Friday, August 31, 2007

the Northern Limit Line - South vs North

I remember the skirmish. It was during my first year in Korea. They didn't make a big deal about it here. It was on the news, of course, but it was over as fast as it began. I was told that basically, a fight broke out between a South Korean ship and a North Korean ship. Korean friends told me that the South Korean ship was sunk, or something like that, and the North Korean ship was towed off in flames (I don't think it was that drastic).

North Limit Line
A June 29, 2002, skirmish between Northern and Southern ships killed four South Koreans here. The fight broke out after two Northern patrol vessels accompanying fishing boats crossed this maritime border and one opened fire after ignoring warnings to retreat, South Korean officials said. North Korea, however, accused Southern boats of provoking the battle by entering communist territory.
North Korea has never accepted the Northern Limit Line, which was drawn up by the U.S.-led U.N. Command to avert possible clashes after the armistice that ended the 1950-53 Korean War. The communist nation wants the sea border to be moved further south, which would allow it access to rich crab and fishing waters. []

Sea Border Hot Issue at Koreas Summit
By JAE-SOON CHANG The Associated Press Wednesday, August 29, 2007; 5:25 AM
SEOUL, South Korea --
Half a dozen South Korean sailors died in a gunbattle with North Korea five years ago defending what Seoul's top minister on relations with Pyongyang now suggests could be changed: the sea border between the Koreas.
Unification Minister Lee Jae-joung's suggestion earlier this month left the country badly divided ahead of a rare summit with the North _ stoking conservatives' anger that is already simmering over allegations that simply holding the meeting itself is yet another capitulation to North Korean leader Kim Jong Il by the liberal government.
At issue is how to view the disputed western sea border and how to react if Kim raises it at his October talks with President Roh Moo-hyun in Pyongyang, as many analysts predict.
The two Koreas have yet to agree on their sea border more than 50 years after the end of their 1950-53 war. Instead, they rely on a line that the then-commander of U.N. forces, which fought for the South, drew unilaterally at the end of the conflict.
Conservatives in South Korea have long considered the Northern Limit Line, or NLL, an unquestionable sea border. But liberals have increasingly viewed it as a major source of military tension on the divided peninsula, and an obstacle impeding true reconciliation with Pyongyang.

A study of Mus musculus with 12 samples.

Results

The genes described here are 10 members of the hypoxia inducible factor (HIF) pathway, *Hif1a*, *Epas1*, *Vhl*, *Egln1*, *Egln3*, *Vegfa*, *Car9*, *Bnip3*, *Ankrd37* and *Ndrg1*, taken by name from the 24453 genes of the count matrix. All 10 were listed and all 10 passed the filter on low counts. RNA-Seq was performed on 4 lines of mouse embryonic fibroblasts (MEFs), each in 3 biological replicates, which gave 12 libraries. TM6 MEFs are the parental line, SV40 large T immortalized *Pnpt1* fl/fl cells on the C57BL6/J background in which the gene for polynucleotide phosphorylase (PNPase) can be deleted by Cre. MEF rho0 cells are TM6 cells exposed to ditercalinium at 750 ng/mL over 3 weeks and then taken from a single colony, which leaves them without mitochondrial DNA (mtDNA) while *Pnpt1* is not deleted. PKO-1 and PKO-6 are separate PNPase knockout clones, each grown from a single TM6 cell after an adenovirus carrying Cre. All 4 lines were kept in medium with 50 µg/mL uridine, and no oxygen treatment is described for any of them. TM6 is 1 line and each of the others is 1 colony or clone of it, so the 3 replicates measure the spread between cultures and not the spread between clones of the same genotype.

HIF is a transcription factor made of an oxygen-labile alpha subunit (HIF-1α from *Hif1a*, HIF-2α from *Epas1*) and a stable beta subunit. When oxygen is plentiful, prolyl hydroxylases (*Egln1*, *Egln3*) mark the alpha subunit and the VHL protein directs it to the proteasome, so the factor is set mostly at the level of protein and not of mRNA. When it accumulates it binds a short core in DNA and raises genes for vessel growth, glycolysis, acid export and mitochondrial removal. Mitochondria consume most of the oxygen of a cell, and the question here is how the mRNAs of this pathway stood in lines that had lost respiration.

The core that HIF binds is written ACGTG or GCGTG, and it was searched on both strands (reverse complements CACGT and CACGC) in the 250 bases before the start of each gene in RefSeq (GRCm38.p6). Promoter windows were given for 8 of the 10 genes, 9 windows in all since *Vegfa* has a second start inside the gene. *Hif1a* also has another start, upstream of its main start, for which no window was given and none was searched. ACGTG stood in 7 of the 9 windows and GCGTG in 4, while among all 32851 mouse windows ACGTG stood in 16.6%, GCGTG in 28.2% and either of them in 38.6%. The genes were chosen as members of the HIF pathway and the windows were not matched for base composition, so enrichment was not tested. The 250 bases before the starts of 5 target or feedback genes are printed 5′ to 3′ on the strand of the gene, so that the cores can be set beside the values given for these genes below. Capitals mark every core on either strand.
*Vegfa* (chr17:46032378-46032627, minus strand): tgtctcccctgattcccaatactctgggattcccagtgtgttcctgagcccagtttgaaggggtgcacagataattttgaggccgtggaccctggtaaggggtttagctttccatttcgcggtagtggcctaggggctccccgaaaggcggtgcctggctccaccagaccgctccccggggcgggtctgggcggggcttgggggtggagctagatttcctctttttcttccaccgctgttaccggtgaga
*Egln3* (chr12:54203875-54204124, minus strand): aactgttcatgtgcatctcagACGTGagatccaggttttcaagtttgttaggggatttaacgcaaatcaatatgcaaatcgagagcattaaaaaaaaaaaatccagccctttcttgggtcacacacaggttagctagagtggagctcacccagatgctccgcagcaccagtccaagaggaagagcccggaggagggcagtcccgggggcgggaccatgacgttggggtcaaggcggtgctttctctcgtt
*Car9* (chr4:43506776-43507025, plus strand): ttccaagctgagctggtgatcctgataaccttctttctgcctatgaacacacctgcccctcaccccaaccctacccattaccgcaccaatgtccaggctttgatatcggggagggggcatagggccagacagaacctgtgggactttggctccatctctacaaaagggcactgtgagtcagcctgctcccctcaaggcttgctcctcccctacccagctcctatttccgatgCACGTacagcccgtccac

The division came to the fore when Lee said earlier this month that he believed the sea border was not formally set, and that the nation should "reflect on" a 2002 naval skirmish with the North in terms of how best to maintain security.
His point was that the NLL's main purpose is to prevent maritime clashes and, therefore, if the line itself is a source of tension, the country should reconsider how it is demarcated _ an argument unacceptable to conservatives who view the NLL as something to be defended at any cost.
Further enraging them was Lee's choice of a Korean word to mean "reflect." The word, "banseong," could also mean "repentance," which gave the impression that Lee suggested South Korea was wrong to defend the border in the 2002 clash that left six South Korean soldiers dead and 18 others wounded.
"Our young heroes, who died glorious deaths while trying to safeguard the NLL, would be weeping in heaven," said Na Kyung-won, spokeswoman of the opposition Grand National Party.
Among those shocked was even South Korea's defense chief.
"I can't understand it either," Defense Minister Kim Jang-soo was widely reported in local media as saying in response to Lee's comments. Kim's ministry refused to confirm the remark, out of apparent concern it may publicize the row with the Unification Ministry.
It has been considered a near taboo in South Korea even to suggest having talks with the North on the sea border issue.
However, Lee and other ministry officials have openly called for flexibility on the issue recently, prompting suspicions in the media that the government is trying to soften an expected backlash it would draw from the public if it discusses the matter at the summit.
The president's office has given no clear-cut answer on whether the issue would be discussed at the summit, only saying: "The NLL is a de-facto maritime borderline that we have defended for the past 50 years."
The country's main opposition party, mass-circulation newspapers and other conservatives demand the government promise not to put the matter on the summit agenda.
The two Koreas agreed in a 1992 pact to continue talks to demarcate the sea border while respecting the NLL until a new border is set.
South Korea has rebuffed the North's demand for sea border talks so far, saying it can discuss the issue only after the two sides take substantial military confidence-building measures.
Liberal analysts say Seoul cannot leave the issue unresolved any longer if it wants to pursue further reconciliation with Pyongyang.
"This issue has become a key to overall South-North relations," said Kim Geun-shik, a North Korea expert at South Korea's Kyungnam University. "We need to at least discuss it with North Korea to find a compromise."
Conservatives argue the South Korea must remain firm.
"Why don't we then pull back the land border by about 100 kilometers? That would make North Korea very pleased," one military official quipped, speaking on condition of anonymity citing the issue's sensitivity.